What pandemic? One urbanite's weekend venture into rural Arizona



My school schedule is generally comprised of 7.5-week courses, and the university recommends taking no more than one at a time. I couldn't avoid doubling up during the first two months of this spring semester, and, to be candid, I arrogantly denied the validity of the university's guidance. By the end of the first term, I desperately needed to remember what a weekend felt like. Because God blessed me with the Greatest Wife in The History of the World, she scheduled a four-day weekend for us in the White Mountains in eastern Arizona.

For those unfamiliar with the area, eastern Arizona has the largest stand of Ponderosa pine trees in the world. Hunters consistently harvest trophy elk and deer from the White Mountains and Gila National Forest, which spans the Arizona-New Mexico border. Unlike Colorado's coniferous forest, eastern Arizona seems devoid of pine beetle kill. Nothing but healthy, evergreen forest and the scent of sun-warmed pine greets you.

We stayed in a vacation home on the outskirts of Pinetop, brought our groceries from home, and largely intended on hiking, cooking, drinking, and doing a lot of nothing. When we arrived in Pinetop in early March 2021, I had already fully recovered from COVID-19 and had time for both of my Moderna vaccines to have taken full effect. My wife had neither protective barrier, but we had generally become comfortable with purpose-driven shopping (as opposed to "window shopping") and takeout dining. As such, we stopped into a bakery to get breakfast on the way out to the hiking trails as a vacation treat. To our surprise, many of the patrons weren't wearing masks while walking through the restaurant or waiting in line. That made us a little uncomfortable. Then, one of the employees walked out from the kitchen with no mask on and began working on filling orders at the front, cold-food storage counters. Both of us panicked a bit and considered cancelling our orders and leaving.

My wife pulled up the Arizona Department of Health Services site and quickly found that entire county had endured only a little more than 560 cases. A quick bit of division translated that into an average of two infections per day for the entire pandemic year-to-date. The statistical odds of the unmasked clerk or patrons presenting a health risk to either of us fell to just north of zero. NOT zero, but we both felt we could see it from there. The ham, egg, and cheese croissants were delicious, by the way.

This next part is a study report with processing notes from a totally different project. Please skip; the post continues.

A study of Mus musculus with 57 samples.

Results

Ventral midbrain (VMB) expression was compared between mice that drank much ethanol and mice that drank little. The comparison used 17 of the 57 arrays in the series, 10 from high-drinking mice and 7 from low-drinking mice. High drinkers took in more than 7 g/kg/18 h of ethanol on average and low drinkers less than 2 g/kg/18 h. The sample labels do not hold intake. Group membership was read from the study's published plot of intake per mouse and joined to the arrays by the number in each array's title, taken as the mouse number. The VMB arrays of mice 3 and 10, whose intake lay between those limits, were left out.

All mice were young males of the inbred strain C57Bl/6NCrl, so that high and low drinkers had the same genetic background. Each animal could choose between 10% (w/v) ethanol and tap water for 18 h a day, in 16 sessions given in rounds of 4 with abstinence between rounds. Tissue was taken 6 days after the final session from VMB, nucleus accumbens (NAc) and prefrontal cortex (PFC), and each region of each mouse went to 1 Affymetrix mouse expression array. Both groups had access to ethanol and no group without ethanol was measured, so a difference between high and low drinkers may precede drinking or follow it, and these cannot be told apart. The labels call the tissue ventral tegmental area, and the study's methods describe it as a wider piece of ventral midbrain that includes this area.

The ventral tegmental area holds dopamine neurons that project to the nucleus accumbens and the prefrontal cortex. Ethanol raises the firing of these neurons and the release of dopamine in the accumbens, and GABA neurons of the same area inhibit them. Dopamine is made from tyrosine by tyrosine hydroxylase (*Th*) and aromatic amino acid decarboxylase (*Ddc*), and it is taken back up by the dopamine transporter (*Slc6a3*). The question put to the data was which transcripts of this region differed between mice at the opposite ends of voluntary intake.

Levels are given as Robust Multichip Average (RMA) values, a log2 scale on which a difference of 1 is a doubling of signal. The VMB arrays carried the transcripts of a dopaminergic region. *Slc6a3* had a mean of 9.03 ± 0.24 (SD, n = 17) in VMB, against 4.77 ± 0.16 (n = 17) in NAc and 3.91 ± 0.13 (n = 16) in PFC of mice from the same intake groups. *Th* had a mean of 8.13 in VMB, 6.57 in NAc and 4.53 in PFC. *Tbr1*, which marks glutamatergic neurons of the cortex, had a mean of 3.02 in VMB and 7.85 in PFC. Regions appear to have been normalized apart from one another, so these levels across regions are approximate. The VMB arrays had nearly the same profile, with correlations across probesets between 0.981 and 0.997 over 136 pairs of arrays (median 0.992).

In trying to be good guests, we continued to wear our masks whenever we ventured into public spaces and businesses. Less than half of those around did the same, and I didn't see or hear anyone confront each other about mask wearing.

Our last venture out that weekend was to a beer garden with a prominent outdoor patio and seating area. We again wore our masks inside the establishment, but we immediately felt like outcasts for having done so. When we stepped inside, it looked as though the town villain had just stepped through the saloon doors: all activity inside the business stopped, and everyone seated inside turned around to look us up-and-down for few silent moments. If anyone had been playing piano, they would have switched to a minor key. NO ONE else inside wore a mask, and the interior tables didn't appear to have been spaced to comply with prevailing social distancing guidelines. Everyone stayed kind of quiet until we ordered beers and asked to sit outside. In hindsight, I wonder if they expected we were there from some government bureaucracy to issue citations, or just out-of-towners about to have a value-based hissy fit?

I have been generally opposed to broad behavior mandates that typically justify compliance on urban problems, but that weekend compelled me to really consider the divergent pandemic realities Arizonans have endured for the past year. Further analysis of county-specific data seems to suggest at least four divergent pandemic experiences within Arizona: urban centers, border counties, rural counties, and Native American reservations. I hope to better understand the personal experiences of those who lived in these diverse regions and how the pandemic affected their perspective and reality.